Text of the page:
The Supreme Court Justices Didn't Buy Texas' HB2 Argument For A Hilarious Reason

SCOTUS just delivered a big win to Texas women and sent a message to states that are thinking of passing restrictive abortion measures similar to HB2 that require hospital admitting privileges for providers or unnecessarily regulate clinics: They're unconstitutional and place a "substantial obstacle in the path of women seeking a previability abortion." In other words, they're an undue burden on abortion access. That's awesome that the Supreme Court ruled the right way for women, but the reason why is even better. Basically, SCOTUS isn't buying the anti-abortion activists' argument.

Anti-choice activists have been saying that everything they're doing is about protecting women's health — not restricting abortion. So why didn't the Supreme Court buy it? There is no such evidence. SCOTUS broke down the argument into two points. One being admitting privileges and the other being the clinic regulations. This comes from the admitting privileges discussion:

We have found nothing in Texas' record evidence that shows that, compared to prior law (which required a "working arrangement" with a doctor with admitting privileges), the new law advanced Texas' legitimate interest in protecting women's health.

But, no really:

We add that, when directly asked at oral argument whether Texas knew of a single instance in which the new requirement would have helped even one woman obtain better treatment, Texas admitted that there was no evidence in the record of such a case.

They couldn't point to one woman in Texas history that would have been helped by such a law. In other words, Justice Breyer, along with the four co-signers, aren't buying the anti-abortion argument. In fact, there's a lot of evidence that this sort of law hinders women's access to a safe and legal abortion. SCOTUS continued, "The record evidence indicates that the admitting-privileges requirement places a 'substantial obstacle in the path of a woman's choice.'"


No surprise there. The anti-abortion argument has been polished by PR experts to change the conversation from limiting women's rights to protecting their health and well-being. That makes a better argument, but it simply isn't true. Thank you Justice Breyer, et. al. for seeing through the deceptive language.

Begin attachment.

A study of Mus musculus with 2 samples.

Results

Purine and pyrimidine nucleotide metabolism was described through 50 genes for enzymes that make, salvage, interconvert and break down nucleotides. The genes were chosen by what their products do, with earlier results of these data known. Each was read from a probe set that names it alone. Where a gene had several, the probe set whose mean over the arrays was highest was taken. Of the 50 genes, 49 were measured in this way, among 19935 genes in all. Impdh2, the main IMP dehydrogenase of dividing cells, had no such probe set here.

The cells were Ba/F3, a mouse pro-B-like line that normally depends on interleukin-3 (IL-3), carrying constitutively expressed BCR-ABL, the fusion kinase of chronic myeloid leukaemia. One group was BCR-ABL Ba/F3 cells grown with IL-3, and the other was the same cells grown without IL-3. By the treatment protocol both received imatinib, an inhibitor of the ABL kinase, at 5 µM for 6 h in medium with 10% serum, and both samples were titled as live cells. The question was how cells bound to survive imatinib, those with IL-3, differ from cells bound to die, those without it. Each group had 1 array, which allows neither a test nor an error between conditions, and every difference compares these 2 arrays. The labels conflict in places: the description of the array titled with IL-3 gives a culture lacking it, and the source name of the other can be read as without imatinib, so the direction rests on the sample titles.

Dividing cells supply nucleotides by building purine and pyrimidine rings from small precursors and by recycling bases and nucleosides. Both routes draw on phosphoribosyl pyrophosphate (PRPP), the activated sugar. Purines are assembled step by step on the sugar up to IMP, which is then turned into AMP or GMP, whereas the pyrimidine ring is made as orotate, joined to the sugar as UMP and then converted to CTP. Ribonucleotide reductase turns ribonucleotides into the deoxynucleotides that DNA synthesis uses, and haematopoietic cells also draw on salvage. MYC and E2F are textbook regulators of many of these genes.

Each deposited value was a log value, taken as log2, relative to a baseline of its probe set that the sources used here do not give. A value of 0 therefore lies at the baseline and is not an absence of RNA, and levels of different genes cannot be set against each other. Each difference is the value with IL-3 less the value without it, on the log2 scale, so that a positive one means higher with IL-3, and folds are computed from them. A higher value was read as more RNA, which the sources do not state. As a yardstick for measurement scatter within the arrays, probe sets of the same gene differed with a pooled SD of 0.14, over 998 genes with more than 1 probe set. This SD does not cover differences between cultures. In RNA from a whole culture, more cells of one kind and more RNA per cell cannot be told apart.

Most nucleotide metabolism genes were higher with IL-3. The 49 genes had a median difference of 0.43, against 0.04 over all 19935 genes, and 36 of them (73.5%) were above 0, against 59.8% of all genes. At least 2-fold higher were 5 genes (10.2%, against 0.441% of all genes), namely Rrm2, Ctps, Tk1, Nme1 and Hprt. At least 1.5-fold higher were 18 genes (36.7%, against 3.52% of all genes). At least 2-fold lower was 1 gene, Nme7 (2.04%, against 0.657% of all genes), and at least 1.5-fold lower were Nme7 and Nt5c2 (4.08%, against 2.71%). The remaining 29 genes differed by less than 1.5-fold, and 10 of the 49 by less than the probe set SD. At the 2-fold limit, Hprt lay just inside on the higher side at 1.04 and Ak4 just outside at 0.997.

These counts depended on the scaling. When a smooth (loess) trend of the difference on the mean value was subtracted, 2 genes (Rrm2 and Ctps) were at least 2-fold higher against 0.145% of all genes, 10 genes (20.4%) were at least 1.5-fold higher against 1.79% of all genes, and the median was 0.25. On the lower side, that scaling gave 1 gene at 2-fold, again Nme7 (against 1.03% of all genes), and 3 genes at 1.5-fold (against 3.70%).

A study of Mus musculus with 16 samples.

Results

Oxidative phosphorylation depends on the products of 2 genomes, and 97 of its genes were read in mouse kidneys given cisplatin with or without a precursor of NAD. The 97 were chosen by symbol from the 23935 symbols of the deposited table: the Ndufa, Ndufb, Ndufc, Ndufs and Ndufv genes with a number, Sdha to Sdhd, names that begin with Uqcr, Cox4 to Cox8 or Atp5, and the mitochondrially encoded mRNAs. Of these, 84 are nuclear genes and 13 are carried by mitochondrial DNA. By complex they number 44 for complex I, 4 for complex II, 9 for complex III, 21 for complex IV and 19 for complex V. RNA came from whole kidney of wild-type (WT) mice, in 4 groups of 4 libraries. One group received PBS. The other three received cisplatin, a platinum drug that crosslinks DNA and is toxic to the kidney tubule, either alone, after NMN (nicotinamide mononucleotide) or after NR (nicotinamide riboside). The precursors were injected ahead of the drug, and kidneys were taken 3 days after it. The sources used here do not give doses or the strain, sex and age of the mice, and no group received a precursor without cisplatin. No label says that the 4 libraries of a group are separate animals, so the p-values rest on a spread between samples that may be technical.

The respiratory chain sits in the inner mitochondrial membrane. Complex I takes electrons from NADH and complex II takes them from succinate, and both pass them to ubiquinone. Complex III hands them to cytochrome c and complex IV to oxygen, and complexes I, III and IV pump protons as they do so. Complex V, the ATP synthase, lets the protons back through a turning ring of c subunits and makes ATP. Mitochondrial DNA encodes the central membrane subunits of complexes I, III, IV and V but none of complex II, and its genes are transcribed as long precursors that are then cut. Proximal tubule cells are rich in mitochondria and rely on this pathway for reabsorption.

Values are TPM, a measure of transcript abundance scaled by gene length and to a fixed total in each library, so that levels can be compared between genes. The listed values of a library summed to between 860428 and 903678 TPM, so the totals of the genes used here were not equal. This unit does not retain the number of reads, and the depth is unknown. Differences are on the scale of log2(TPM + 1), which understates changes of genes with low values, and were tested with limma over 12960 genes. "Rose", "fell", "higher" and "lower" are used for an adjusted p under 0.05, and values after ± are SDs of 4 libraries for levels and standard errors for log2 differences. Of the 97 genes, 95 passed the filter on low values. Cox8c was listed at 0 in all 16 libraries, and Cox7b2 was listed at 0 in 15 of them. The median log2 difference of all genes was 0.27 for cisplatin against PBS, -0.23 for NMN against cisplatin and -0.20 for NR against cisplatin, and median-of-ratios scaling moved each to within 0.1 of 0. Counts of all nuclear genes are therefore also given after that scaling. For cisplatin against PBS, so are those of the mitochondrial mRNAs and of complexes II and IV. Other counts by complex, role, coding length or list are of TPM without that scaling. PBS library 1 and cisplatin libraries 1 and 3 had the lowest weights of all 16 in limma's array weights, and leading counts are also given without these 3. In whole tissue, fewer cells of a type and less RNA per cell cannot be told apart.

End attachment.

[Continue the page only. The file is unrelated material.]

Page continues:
SCOTUS also noted that the admitting privileges requirement led to the closing of about half of Texas' abortion clinics:

Those closures meant fewer doctors, longer waiting times, and increased crowding. Record evidence also supports the finding that after the admitting-privileges provision went into effect, the "number of women of reproductive age living in a county ... more than 150 miles from a provider increased from approximately 86,000 to 400,000 ... and the number of women living in a county more than 200 miles from a provider from approximately 10,000 to 290,000.

Sounds like an undue burden to me. Plus there's problems with the dissent's argument — or lack thereof. They wrote "H. B. 2 caused the closure of some clinics" but claimed other clinics may have closed for other reasons — and therefore should not be countered or considered in the case. What are those other reasons? The dissent didn't offer any evidence of these mystery forces.


Then the shade continues with the surgical center regulations being applied. There's this thing called "common sense" that could be applied, Breyer argues:

Suppose that we know only that a certain grocery store serves 200 customers per week, that a certain apartment building provides apartments for 200 families, that a certain train station welcomes 200 trains per day. While it is conceivable that the store, the apartment building, or the train station could just as easily provide for 1,000 customers, families, or trains at no significant additional cost, crowding, or delay, most of us would find this possibility highly improbable.

So, no, Justices Roberts, Alito, and Thomas — not to mention the anti-abortion activists and legislators thinking about passing similar laws elsewhere — it does not make sense to make abortion clinics prepare for situations that the historical evidence implies will not occur. Be prepared to face this increasingly progressive SCOTUS and the wrath of logic.